Police are urging anyone who has invested money based on false promises to contact them, as fresh allegations emerge around alleged con-artist Kawana Morehu.
Several people approached the Herald yesterday about investments with Mr Morehu - some up to $60,000 - which had come to nothing.
It was also claimed that Mr Morehu, a self-proclaimed evangelist and missionary worker, posed as a representative of the Vatican in an attempt to buy million-dollar properties in Auckland. Mr Morehu denies any wrongdoing.
The police confirmed yesterday they knew of Mr Morehu but he was not being investigated.
"If people make bad investments, that's a pity. On the other hand, if they made an investment on promises that were clearly untrue, then we would look at that seriously," said Detective Sergeant Richard Kapa, from the Auckland Fraud Squad.
Yesterday, two investors with Mr Morehu said they had invested $55,000 and $10,000 respectively but had no idea what happened to the money.
It is alleged Mr Morehu tries to develop a common bond with his investors - through being Maori, Christian, or both. His investment schemes include providing him with funds to be used to collect money owed to him offshore, including Nigeria, where he claims to have worked for the Government in the 1980s.
Mr Morehu said most of his investors could expect to be paid out "in the next few days".
"Payment will still come, we have to wait till we get paid. We've [got] lawsuits and everything against governments to get paid too."
When asked which governments, he said: "We can't give any information out.
"I know who we owe money to. Nobody can just jump on the bandwagon and tell you all kinds of stories. Unless they validate it with my attorney, they don't get paid. That's the bottom line."
Responding to claims he was a con man, he said: "They all call me a con artist but I've proved them all wrong. I'm an honest Christian and it's the media that manipulates us."
Among fresh claims was a couple who had invested $50,000 to $60,000 of their retirement funds with Mr Morehu. The couple's banker helped them with a refinancing package when they were financially ruined.
"They had worked for Fisher & Paykel for 20-odd years," said the banker, who wanted to protect the identity of the customers and his employer. "They took out all their retirement savings and gave it all to him. It was the same [scheme], [accessing] money from overseas, missionary stuff.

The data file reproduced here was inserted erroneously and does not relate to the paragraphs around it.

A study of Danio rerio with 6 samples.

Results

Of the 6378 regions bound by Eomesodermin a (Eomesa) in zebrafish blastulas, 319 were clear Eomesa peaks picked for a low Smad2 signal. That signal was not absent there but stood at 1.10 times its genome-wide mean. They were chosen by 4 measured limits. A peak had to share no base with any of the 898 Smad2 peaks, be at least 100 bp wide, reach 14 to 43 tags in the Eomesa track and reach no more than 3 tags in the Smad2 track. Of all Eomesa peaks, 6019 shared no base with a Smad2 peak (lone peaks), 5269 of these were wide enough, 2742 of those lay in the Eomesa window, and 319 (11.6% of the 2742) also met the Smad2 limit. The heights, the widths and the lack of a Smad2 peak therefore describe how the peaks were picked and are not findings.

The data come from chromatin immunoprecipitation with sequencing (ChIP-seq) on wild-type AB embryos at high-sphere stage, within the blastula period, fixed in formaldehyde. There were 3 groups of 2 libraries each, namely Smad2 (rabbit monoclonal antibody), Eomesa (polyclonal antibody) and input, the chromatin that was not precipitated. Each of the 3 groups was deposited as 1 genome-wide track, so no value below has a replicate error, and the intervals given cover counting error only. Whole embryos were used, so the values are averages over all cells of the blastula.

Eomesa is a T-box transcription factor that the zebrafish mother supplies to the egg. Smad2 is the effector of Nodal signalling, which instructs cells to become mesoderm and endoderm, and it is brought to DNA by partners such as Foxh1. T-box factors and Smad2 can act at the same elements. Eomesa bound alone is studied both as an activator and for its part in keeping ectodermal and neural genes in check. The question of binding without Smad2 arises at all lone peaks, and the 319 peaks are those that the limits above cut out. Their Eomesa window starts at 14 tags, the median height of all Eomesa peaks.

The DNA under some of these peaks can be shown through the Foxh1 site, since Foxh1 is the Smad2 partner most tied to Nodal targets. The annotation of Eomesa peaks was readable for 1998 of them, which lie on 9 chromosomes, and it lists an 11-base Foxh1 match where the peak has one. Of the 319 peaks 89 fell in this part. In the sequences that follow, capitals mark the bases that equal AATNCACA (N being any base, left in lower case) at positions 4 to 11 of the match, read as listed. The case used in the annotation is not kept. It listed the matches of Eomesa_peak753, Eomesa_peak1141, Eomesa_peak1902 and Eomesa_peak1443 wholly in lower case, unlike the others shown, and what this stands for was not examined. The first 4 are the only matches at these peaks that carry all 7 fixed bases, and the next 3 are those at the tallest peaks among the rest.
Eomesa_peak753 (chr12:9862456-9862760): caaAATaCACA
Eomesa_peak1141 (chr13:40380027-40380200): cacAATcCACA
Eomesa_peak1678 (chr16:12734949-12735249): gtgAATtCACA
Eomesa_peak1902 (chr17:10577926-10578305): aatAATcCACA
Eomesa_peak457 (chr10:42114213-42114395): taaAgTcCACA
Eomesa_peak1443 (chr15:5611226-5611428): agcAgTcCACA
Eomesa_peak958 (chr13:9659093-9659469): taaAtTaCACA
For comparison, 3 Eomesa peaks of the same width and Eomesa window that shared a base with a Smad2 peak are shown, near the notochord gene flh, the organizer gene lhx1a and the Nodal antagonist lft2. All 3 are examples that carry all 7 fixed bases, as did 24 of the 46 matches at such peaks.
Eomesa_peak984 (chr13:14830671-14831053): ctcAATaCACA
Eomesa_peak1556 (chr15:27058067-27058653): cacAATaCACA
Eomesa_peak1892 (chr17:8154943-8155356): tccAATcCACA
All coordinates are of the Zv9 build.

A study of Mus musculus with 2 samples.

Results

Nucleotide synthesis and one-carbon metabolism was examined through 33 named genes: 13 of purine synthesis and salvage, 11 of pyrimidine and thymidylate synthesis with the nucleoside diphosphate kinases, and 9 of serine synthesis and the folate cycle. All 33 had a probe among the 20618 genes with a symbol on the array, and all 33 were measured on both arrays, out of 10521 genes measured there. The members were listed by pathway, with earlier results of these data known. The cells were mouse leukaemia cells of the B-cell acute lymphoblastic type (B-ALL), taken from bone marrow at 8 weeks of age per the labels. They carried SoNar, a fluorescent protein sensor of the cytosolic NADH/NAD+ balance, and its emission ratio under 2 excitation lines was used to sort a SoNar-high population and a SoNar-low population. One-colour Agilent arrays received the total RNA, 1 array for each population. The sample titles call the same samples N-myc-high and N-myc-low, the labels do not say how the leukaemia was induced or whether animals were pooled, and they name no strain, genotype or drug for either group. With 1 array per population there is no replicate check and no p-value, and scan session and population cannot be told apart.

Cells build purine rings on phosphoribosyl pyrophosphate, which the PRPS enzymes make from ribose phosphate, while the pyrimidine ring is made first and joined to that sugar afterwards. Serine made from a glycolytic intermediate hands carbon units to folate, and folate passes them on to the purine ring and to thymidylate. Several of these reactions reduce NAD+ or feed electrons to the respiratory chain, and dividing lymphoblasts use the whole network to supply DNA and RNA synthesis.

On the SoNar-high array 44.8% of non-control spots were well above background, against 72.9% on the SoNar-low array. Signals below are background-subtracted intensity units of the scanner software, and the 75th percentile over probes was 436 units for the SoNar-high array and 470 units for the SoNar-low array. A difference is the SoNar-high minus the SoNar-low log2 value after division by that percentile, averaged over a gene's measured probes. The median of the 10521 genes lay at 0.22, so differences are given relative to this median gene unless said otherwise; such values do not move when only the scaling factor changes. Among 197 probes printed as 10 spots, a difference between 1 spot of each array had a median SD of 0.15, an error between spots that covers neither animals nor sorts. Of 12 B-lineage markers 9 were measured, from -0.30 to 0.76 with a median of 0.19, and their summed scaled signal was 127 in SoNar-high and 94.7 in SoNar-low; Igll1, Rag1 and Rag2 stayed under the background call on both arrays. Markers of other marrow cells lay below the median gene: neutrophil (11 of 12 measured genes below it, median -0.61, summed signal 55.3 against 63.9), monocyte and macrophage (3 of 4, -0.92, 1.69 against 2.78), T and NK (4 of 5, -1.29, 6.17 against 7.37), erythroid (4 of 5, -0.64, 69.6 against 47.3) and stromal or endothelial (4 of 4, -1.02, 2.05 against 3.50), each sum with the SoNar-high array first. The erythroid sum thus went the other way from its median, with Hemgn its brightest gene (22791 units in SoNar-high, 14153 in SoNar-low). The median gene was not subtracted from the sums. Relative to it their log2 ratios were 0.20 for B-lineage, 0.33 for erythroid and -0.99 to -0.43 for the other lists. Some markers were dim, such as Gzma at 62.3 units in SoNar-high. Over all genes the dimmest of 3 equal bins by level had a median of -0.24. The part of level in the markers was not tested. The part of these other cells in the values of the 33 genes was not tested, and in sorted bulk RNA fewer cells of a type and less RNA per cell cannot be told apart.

"I went to Fair Go but due to confidentiality I couldn't give them any information and the customers didn't want to make a complaint because they were embarrassed."
Real estate agent Peter Coker said Mr Morehu contacted him two years ago about buying a $2.3 million house in St Heliers.
"He said he represented the Vatican and they had millions of dollars to invest around the world. He was tasked with allocating their funds in this part of the world and he needed a base in New Zealand."
He said Mr Morehu had a folder full of letters, faxes and letterheads apparently from the Vatican.
"It had been put together to give a realistic sense that he does have connections with the Vatican.
"He told me some of the funds they were getting were to be used to straighten some of the highways between Wellington and Auckland."
Mr Coker was not surprised when the deposit on the house never came through.
Mr Morehu said he had been asked to represent the Vatican "but I haven't taken it on yet. We deal with 200 countries now so we don't need any more [missionary] work."
Responding to claims he was a liar, he said: "Everybody calls me a liar but they don't know what I do."
However, an Auckland woman, who did not want to be named, said she believed Mr Morehu was an honest man.
He had asked her and her husband for funds to free up money overseas, some in Nigeria.
The woman said they felt no animosity towards him, despite pouring thousands of dollars into a fruitless endeavour.
"I don't believe that he does it purposefully to rip people off. He believes he has money that's owing to him over there."
She would not say how much they had lost, but "it was in the thousands".
The couple had been promised large returns on their investment but "we discovered that it was not real".